Believe women

Here’s an account of a rape in Salon:

Why didn’t I scream when I was raped?

Towards the end of the story, you’ll find this paragraph:

Eventually, more than three decades after the crime took place, a long investigation would lead the police to discover something that denial and disbelief had not allowed them to see back then: This man attacked 44 girls from 1970 and 1973.

Had the community believed these girls (her & her sister were raped) and shown commitment, perhaps these senseless rapes – 44 of them – could have been prevented.

Rape is not in the hands of women (and men) to prevent. It is in the hands of communities – to show commitment to preventing violence, to believe victims, to thoroughly investigate claims, and to both prevent and prosecute criminal acts.

7 comments on “Believe women

  1. […] a comment » I am trying to reply to a post on an other blog, which just swallows my comment without any error message. To work around this, I instead post the […]

  2. miss j says:

    Please try again. I was posting an article and having trouble with it myself. I’ve now logged off. Thanks~

  3. miss j says:

    The blame for the Duke Lacross team is the prosecutor. Nor can one hold up one case & say this is why we can argue “do not believe women.”

    Women’s lack of credibility has a very long history and still continues to this day. In family court, for example, women’s allegations are often considered to be “vindictive” while research (see for research citations) proves most allegations are based on good faith. Moreover, research (see: Bala & Schumann) find men make more false allegations in family court – but notice the difference stereotypes have in comparison to research/facts. I’m familiar with many cases involving the family court, but look at Katie Tagle for one. She was denied a restraining order 3 TIMES – 3rd judge (Lemkau) called her a liar (transcript on Internet). Ex took 9-month-old baby and killed him and himself.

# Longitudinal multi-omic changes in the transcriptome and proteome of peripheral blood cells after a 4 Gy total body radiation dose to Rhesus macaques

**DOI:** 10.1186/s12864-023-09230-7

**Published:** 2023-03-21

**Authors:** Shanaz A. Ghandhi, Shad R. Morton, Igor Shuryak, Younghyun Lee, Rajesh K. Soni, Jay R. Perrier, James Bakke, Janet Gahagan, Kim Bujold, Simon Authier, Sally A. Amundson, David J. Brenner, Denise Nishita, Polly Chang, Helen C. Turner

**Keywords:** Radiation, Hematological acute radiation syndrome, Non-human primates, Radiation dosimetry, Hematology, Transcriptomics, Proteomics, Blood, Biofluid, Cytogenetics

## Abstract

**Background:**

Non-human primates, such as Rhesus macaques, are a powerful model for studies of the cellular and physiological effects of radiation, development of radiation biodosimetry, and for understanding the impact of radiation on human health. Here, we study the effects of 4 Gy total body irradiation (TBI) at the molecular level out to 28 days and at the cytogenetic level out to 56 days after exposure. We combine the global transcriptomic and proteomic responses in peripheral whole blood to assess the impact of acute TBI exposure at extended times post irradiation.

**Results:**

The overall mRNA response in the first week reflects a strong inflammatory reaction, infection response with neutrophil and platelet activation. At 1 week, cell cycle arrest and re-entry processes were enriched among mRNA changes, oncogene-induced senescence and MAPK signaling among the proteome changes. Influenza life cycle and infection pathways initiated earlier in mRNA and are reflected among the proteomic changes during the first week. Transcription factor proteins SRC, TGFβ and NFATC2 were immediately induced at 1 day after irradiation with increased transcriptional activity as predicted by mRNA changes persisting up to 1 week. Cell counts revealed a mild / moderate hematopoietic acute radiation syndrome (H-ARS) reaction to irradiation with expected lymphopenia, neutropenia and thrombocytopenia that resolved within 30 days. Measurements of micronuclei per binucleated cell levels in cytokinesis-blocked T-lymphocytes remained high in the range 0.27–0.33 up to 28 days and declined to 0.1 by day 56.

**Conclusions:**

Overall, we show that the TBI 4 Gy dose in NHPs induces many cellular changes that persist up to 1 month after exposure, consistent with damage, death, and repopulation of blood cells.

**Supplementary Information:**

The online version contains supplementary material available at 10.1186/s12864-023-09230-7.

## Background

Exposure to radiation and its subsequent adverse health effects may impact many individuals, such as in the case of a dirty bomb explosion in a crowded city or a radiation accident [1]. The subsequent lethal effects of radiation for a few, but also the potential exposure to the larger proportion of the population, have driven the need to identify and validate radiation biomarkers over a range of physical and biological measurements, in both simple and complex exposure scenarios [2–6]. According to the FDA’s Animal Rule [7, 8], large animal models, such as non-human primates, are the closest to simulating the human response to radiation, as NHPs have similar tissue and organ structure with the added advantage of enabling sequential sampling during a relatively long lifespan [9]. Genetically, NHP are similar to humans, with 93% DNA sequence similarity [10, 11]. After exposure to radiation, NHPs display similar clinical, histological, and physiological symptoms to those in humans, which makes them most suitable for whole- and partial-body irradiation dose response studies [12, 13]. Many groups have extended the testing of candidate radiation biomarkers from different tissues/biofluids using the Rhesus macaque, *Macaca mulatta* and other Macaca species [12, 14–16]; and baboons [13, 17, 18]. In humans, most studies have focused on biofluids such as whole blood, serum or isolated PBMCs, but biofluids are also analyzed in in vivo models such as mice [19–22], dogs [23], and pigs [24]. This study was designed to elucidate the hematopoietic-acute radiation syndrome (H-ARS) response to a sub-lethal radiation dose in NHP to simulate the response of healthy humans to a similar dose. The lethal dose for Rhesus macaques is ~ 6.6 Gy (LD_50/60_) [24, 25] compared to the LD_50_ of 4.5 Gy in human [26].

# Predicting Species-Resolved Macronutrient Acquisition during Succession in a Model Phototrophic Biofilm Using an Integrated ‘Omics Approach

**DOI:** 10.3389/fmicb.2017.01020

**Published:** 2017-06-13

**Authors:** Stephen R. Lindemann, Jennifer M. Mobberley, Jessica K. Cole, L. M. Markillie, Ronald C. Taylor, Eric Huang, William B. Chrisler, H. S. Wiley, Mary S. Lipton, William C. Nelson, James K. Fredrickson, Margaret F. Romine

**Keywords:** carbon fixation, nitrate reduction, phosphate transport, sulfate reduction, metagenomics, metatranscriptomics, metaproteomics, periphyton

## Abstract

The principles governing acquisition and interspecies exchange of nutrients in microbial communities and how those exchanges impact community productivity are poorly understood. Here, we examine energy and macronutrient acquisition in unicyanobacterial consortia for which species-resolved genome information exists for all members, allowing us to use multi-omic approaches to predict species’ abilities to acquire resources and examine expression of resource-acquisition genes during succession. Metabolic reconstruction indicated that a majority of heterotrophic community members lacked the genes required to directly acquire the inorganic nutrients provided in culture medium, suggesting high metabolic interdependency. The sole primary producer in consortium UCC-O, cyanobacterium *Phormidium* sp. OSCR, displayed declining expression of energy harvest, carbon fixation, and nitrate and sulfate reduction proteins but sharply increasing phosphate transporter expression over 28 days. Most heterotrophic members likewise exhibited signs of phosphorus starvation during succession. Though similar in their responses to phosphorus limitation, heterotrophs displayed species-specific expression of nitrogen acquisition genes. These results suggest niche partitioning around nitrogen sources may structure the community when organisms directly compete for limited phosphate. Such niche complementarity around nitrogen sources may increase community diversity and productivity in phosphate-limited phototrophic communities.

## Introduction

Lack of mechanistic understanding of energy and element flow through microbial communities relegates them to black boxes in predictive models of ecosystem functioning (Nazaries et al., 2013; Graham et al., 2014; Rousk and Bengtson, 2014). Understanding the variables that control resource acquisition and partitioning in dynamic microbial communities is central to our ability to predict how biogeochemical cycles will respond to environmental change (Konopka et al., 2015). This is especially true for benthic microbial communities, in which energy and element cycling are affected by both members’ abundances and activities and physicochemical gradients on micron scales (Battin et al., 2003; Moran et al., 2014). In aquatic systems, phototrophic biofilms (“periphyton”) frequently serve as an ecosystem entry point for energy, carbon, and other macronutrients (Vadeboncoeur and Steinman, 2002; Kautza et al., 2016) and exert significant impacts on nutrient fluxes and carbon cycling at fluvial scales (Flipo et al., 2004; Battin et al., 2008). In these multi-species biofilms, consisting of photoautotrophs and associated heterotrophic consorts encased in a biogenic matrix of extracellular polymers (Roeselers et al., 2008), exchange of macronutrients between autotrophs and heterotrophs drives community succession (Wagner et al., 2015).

For further proof, look at the Innocence Project, a respected organization fighting for wrongly imprisoned individuals. On their top 7 list on their web site it does NOT list false allegations.

    Not believing women’s allegations – even when they have proof – leads to injuries and deaths. The “rules about credibility” are NOT the same for everyone – that’s the problem. She has less credibility.

  4. Someone could equally argue “Do not believe women”, while pointing to e.g. the Duke lacrosse case.

    I cannot rule out that there were errors made in the case you link to; however, if we want a functioning justice system, the rules about credibility has to be the same for everyone. No woman should be given less credibility because she is a woman—but neither should she be given more credibility.